Presidential Hopeful Vows to Double the Number of Career Diplomats at State
Democratic candidate would create new recruiting pipelines and pay structures to boost workforce.
A top candidate for the Democratic presidential nomination in 2020 is proposing a massive overhaul to the State Department and the management of its employees, calling for a doubling of the size of the foreign service and new tools to recruit and retain career diplomats.
Sen. Elizabeth Warren, D-Mass., accused President Trump of decimating State’s workforce through a “toxic combination of malice and neglect” in suggesting a slew of reforms she would institute if elected president. The presidential hopeful said in order to dramatically boost the number of foreign service officers, she would create a “diplomatic equivalent” of the Reserve Officer Training Corps at universities across the country. She also vowed to boost diversity and make improvements to the pay structure at the department.
Warren said that while Trump accelerated the problems at State, he did not start them.
“Years of hiring freezes and spending cuts have caused many talented diplomats to head for the doors,” the senator said. “To take a meaningful leadership position in the world, to protect American interests, and to avoid conflicts around the globe, we need to reverse this trend.”
Many career civil servants and foreign service officers have been “pushed out” or otherwise resigned under Trump, Warren said, adding to the existing high vacancy rate of foreign service officers at State. To combat the resulting burnout and low morale, she promised to double the size of the foreign service and open new posts where State currently has no presence. She also suggested doubling the size of the Peace Corps to create a “direct employment pipeline to future government service.”
Jerry Feierstein, who served as a career foreign service officer for 41 years, including most recently as a principal deputy assistant secretary until he retired in 2016, agreed there was an urgent need for expanding the number of FSOs. He suggested, however, that any administration should first take stock of existing pipeline-development programs before creating new ones.
“There are existing instruments for doing that and before we jump into a new structure we need to take a look at what’s already available,” Feierstein said.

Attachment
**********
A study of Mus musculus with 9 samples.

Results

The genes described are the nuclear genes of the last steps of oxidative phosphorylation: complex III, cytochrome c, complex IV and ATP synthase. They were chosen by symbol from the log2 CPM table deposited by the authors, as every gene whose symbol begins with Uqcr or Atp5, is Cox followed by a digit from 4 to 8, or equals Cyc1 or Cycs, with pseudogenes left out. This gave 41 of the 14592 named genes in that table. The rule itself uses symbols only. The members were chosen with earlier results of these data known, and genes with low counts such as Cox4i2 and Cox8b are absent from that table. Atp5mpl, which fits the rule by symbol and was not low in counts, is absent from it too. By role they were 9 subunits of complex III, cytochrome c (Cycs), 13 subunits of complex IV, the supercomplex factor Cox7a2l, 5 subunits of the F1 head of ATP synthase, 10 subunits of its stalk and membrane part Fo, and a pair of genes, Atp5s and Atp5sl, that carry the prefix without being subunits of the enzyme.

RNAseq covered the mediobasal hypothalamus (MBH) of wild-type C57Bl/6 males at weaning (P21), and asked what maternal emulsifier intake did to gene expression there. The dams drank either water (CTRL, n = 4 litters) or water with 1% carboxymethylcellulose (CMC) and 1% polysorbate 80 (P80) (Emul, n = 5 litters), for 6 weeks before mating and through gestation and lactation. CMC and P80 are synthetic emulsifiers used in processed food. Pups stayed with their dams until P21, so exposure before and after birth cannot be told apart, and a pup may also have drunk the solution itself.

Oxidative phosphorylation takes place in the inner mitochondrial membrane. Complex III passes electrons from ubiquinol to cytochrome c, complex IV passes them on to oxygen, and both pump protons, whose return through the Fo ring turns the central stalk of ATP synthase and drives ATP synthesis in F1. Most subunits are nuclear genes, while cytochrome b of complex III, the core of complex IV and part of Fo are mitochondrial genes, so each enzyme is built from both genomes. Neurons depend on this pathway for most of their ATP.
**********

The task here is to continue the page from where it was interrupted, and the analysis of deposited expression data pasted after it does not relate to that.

Under Warren’s plan, FSOs who leave the department could return with fast-tracked reentry if they came back within five years. She proposed reforming the pay and hiring authorities for mid-career workers to better recruit employees who began working outside government. She would also expand parental leave and preferential postings for new parents, as well as other policies to make it easier for families in which both parents work as FSOs.
Feierstein said State has “come a long way” in improving options for foreign service families, but praised any effort to expand leave and other perks that would make the career path more attractive. He noted several potential barriers to expanding preferential postings, such as nepotism rules that prevent one spouse from supervising another and the frustration that single FSOs can feel when they become non-competitive for jobs that are given to foreign service families.
Warren vowed to boost recruiting at historically black colleges and universities, as well as women’s and community colleges, to diversify State’s workforce. She would also double the number of fellowships designed to recruit minority and low-income individuals into the foreign service.
The senator said as president she would not reward high-dollar political donors with ambassadorships, a practice with a deeply entrenched, bipartisan history. She said she would make more top positions career roles, such as at least one deputy secretary, and promised to institutionalize a process for career civil servants and FSOs to advise the secretary on issues such as talent acquisition and retention. Warren singled out Trump’s first secretary of State, Rex Tillerson, and his failed initiative to reorganize the department.
“No more Tillerson redesign that wastes money on fancy consultants to tell us what our civil servants and diplomats already know,” Warren said.
Feierstein was cautious about demonizing all political appointees—noting that some of the country’s most successful ambassadors were non-career officials—or to herald all career workers as “god-like,” but overall agreed with Warren’s intentions.
“Unqualified individuals should not be given ambassador positions as a reward,” he said.